Initial concept art of the Quarterhorse aircraft, planned to be built by Hermeus Corporation. (Hermeus)

WASHINGTON — Hermeus unveiled its new high-speed, jet-powered Quarterhorse Mk 1 aircraft today, taking another small step toward the Atlanta-based startup’s goal of producing the world’s first reusable hypersonic plane.

The uncrewed Mk 1 aircraft is set to become the first Hermeus-produced aircraft to take to the skies during flight tests at Edwards Air Force base scheduled later this year, which are aimed at proving it can safely conduct high-speed take off and landings.

Hermeus ultimately seeks to build two types of mass-produced hypersonic aircraft: a multi-mission drone for the defense market called Darkhorse and a passenger plane known as Halcyon capable of flying from New York to London in 90 minutes.

But for now, as the company debuts the Quarterhorse Mk 1, it also intends to pitch the next iteration of the Quarterhorse, a faster supersonic Mk 2 version set to roll out in 2025, to the Pentagon as its first product.

“We’re building a capability that certainly fill some gaps, and I think having an operational capability earlier than Darkhorse — like a couple years earlier — really helps [the Pentagon],” said Hermeus founder and CEO AJ Piplica in an interview with Breaking Defense.

Piplica declined to comment on whether Hermeus will propose the Quarterhorse Mk 2 for the Pentagon’s Replicator program, which is seeking to field thousands of unmanned systems over two years, or the Air Force’s collaborative combat aircraft program that aims to build autonomous drone wingmen that will be commanded by fighter pilots. (Hermeus is not among the first five primes participating in the early stages of the Air Force’s collaborative combat aircraft project.)

However, Hermeus views the Quarterhorse Mk 2 — billed by the company as “the world’s first purpose-built high-Mach drone” — as a unique offering among the systems currently operated by the United States military like the RQ-4 Global Hawk and MQ-9 Reaper, which operate at subsonic speeds.

Hermeus’s foray into high-speed unmanned aircraft isn’t the only one. Recently, fellow startup Anduril unveiled a high subsonic rocket-powered platform to act as an air defense system, and higher-flying Stratolaunch plans to conduct its own test flight of a recoverable hypersonic vehicle later this year.


As a bridge to hypersonic aircraft that travel in speeds in excess of Mach 5, the company plans on constructing four Quarterhorse test vehicles, culminating in the Mk 3 aircraft that Hermeus executives say will fly faster than the Mach 3.3 speeds clocked by the legendary SR-71 spyplane built by Lockheed Martin.

In parallel, Hermeus is developing its Chimera II propulsion system that will be tested aboard the Quarterhorse Mk 3 and produced en masse for Darkhorse. The Chimera II uses a Pratt & Whitney F100 engine as its base, but replaces the afterburner with a ramjet afterburner, and modifies the engine with a precooler and bypass system manufactured in house, Piplica said.

The Mk 1 aircraft, powered by a General Electric J85 engine and operated by remote control, is a subsonic craft and will be put through subsystems, ground station, operations, and human factors testing before making its first flight later this year.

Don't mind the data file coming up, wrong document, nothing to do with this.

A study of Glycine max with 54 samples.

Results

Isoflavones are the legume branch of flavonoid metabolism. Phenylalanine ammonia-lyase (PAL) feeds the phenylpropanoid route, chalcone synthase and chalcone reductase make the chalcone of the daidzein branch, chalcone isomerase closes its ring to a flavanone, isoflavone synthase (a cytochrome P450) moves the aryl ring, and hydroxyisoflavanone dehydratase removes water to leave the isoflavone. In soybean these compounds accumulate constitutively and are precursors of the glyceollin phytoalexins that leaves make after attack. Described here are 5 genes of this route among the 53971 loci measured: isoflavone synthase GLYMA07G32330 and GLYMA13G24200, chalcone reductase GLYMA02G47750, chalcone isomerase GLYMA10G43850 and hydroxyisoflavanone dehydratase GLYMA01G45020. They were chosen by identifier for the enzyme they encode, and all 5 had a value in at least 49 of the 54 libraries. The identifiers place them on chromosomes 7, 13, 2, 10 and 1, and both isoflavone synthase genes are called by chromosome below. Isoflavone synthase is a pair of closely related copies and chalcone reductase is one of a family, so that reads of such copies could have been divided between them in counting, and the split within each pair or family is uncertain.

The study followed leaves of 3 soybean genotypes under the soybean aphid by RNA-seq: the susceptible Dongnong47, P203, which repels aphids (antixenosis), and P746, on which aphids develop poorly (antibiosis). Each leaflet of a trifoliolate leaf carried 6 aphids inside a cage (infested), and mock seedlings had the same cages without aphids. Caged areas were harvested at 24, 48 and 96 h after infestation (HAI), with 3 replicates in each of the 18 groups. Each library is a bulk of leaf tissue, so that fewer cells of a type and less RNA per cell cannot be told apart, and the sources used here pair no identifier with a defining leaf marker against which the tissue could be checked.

Piplica acknowledged Hermeus had initially hoped to get a plane off the ground in 2023, but said the company “reframed” its plans to do additional testing with its Quarterhorse Mk 0, which completed remote taxi tests in November.

For the Mk 1 aircraft, “its requirements were set in September of last year, and it’s being unveiled today about 200 days later,” Piplica said. “It’s a pace of development we haven’t seen in this country for a very long time.”

Next year’s Mk 2 aircraft will transition to the F100 engine used by the F-15 and F-16, allowing the aircraft to fly at supersonic speeds. The engine will be modified with the Hermeus-built precooler, which is designed to allow the engine to reach higher speeds than what the F100 had previously accomplished, Piplica said, but a full-up Chimera II engine will not be installed in Quarterhorse until Mk 3.

Piplica said Hermeus could manufacture about “a dozen or so” Mk 2 drones per year in its current facility in Atlanta, but will have to expand if it gets a “clear demand signal” that the Defense Department wants to buy more. In the meantime, the company is “building up the supply chain relationships” that will be necessary to start producing Mk 2 drones if the Pentagon signs on as a customer.

The Defense Department has not publicly revealed a program of record for a hypersonic aircraft, but has made several investments in Hermeus as it develops Quarterhorse.

The Air Force in 2021 awarded Hermeus a three-year, $60 million jointly funded contract to build and test three Quarterhorse aircraft, as well as to flight test a reusable hypersonic propulsion system. At the time, Air Force leaders said a commercial-built hypersonic aircraft could have viability for the US military as a transport or surveillance plane.

Under a contract inked last November with the Pentagon’s Defense Innovation Unit, the Quarterhorse will take part in tests for DIU’s Hypersonic and High-Cadence Airborne Testing Capabilities (HyCAT) initiative, which seeks to boost the department’s high-speed flight test capacity.

RTX’s venture capital arm announced in 2022 that it would invest an undisclosed amount in Hermeus.

The Defense Department is interested in reusable hypersonic aircraft, as they would allow the US military to conduct surveillance and strike missions much faster than its current bomber fleet, said James Weber, the department’s principal director for hypersonics, during a congressional hearing earlier this month.

However, “there’s a lot of work that we have to do in the science and technology world to address the materials and structures for reusable hypersonic aircraft,” he said.